Tick, Tick… BOOM! is an exciting and deeply intimate portrayal of an artist suffering from a severe case of main character syndrome.
I feel like I should preface this entire review by making one thing very clear: I am not a theatre kid. Although I have some experience with musicals, the medium itself has never really appealed to me. I say this because I was pleasantly surprised when watching Tick, Tick… BOOM!
Not only was it well performed and directed, but its characterization created one of the most complicated, yet charming protagonists I’ve seen in a while.
Tick, Tick… BOOM! is the semi-autobiographical tale of Jonathan Larson. It follows the aspiring writer in what is arguably the most important week of his life — the seven days leading up to his 30th birthday.
It is a film about art, grief and loss, as well as the parasitic nature of the creative process and the dangers of pursuing your dreams, no matter the cost.
First and foremost, Andrew Garfield is absolutely fantastic as Larson. His character is just bursting with a kind charm and excitement, rendering him both a loveable goofball and a narcissist obsessed with changing the world.
Lin-Manuel Miranda proves himself to be a capable director both on the stage and behind the camera as he draws out a wide range of emotions from his actors.
Tick, Tick… BOOM! contains many beautifully-constructed scenes, most of which are musical numbers. As opposed to forcing the musical elements of the story into the narrative, the film instead has them exist in a surreal space that is distinct from where the actual characters exist.
The film also does a good job at portraying chaos.
Larson’s day-to-day life is full of so much chaos that it is completely out of his control. This is shown to the audience directly with the use of surrealist musical numbers that seem to break reality for moments at a time as Larson tries to use the esthetics of his suffering to create art, a practice which does more harm than good for those around him.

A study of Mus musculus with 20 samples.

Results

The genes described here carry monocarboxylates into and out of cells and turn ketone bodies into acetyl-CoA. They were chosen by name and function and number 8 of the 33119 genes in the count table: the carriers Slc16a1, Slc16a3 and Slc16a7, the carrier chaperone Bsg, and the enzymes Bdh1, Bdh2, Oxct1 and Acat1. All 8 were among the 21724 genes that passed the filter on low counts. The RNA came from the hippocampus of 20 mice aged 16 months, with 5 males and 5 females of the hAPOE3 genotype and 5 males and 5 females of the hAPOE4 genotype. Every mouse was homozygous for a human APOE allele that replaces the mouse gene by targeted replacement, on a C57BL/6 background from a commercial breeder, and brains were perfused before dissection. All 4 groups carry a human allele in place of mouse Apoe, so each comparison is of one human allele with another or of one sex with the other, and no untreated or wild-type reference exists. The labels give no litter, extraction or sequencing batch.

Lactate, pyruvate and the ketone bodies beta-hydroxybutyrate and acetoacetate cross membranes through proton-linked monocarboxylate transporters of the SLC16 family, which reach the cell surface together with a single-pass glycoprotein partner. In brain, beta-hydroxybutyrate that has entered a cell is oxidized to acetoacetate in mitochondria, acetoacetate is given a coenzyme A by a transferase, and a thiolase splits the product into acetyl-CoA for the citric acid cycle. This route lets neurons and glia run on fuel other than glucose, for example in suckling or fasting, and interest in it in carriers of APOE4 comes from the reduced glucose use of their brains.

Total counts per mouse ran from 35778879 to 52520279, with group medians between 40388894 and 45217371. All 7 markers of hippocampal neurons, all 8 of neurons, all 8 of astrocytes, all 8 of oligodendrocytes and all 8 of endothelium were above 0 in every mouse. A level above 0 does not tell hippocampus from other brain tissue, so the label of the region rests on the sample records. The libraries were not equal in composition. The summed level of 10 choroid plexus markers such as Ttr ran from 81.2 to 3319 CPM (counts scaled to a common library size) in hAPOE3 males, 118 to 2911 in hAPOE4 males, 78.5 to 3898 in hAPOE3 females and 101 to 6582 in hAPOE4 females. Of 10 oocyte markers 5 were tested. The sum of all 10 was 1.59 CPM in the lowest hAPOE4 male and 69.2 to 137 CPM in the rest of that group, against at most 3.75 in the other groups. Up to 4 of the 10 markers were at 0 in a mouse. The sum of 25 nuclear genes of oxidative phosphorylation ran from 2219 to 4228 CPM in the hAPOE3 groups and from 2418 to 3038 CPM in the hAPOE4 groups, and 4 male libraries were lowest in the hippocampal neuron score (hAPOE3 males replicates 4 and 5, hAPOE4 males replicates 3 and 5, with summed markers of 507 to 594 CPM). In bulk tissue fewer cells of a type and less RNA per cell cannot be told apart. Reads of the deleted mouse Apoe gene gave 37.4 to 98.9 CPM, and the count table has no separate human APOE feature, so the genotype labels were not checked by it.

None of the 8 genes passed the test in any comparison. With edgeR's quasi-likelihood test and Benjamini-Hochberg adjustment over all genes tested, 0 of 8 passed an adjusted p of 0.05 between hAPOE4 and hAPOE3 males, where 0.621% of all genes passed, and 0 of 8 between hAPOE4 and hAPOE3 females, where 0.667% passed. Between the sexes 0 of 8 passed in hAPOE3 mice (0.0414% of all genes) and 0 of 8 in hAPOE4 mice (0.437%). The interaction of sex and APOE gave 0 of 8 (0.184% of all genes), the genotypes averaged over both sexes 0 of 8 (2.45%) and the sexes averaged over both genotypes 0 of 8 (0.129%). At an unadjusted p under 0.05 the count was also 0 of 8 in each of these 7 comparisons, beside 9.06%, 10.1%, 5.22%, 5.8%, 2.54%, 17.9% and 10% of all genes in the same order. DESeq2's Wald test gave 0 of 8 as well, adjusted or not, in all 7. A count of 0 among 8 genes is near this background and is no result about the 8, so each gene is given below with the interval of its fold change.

The biggest and, for me at least, most interesting idea put forth is the nature of the starving artist.
The common tale of artists living in horrible conditions, desperately reaching for some form of greatness that appears just out of grasp. While often we applaud those who do manage to get ahead, it should also be noted that this type of behaviour is not without consequences.
Larson is self-destructive in his search for success.
He is convinced that New York City is made for people like him, that his struggles are admirable and even honourable and he will be rewarded in some cosmic way. He uses the broken lives of those around him as fuel for his creative fire.
Larson is not some great idol to look up to; not some genius that we can truly understand. He is like everyone else: relatable and flawed, but fighting for a dream.
Another interesting choice made by the film is just how realistically it paints panic and anxiety.
Throughout the narrative, Larson sinks further and further into himself. Opposed to the stereotypical shy, anxiety-ridden mess we often see in these types of films, Larson weaponizes his anxiety into a form of arrogance that renders him both the life of the party and emotionally-guarded.
Tick, Tick… BOOM! is worth the watch as a character study alone. It has so much depth that you can easily spend hours pulling back the layers to these characters. But even without that, its beautiful camera work and tight storytelling make it an entertaining watch no matter how you feel about its characters.
My only real issue with it is that during one climactic swimming scene Andrew Garfield shows himself to have quite a terrible breast stroke.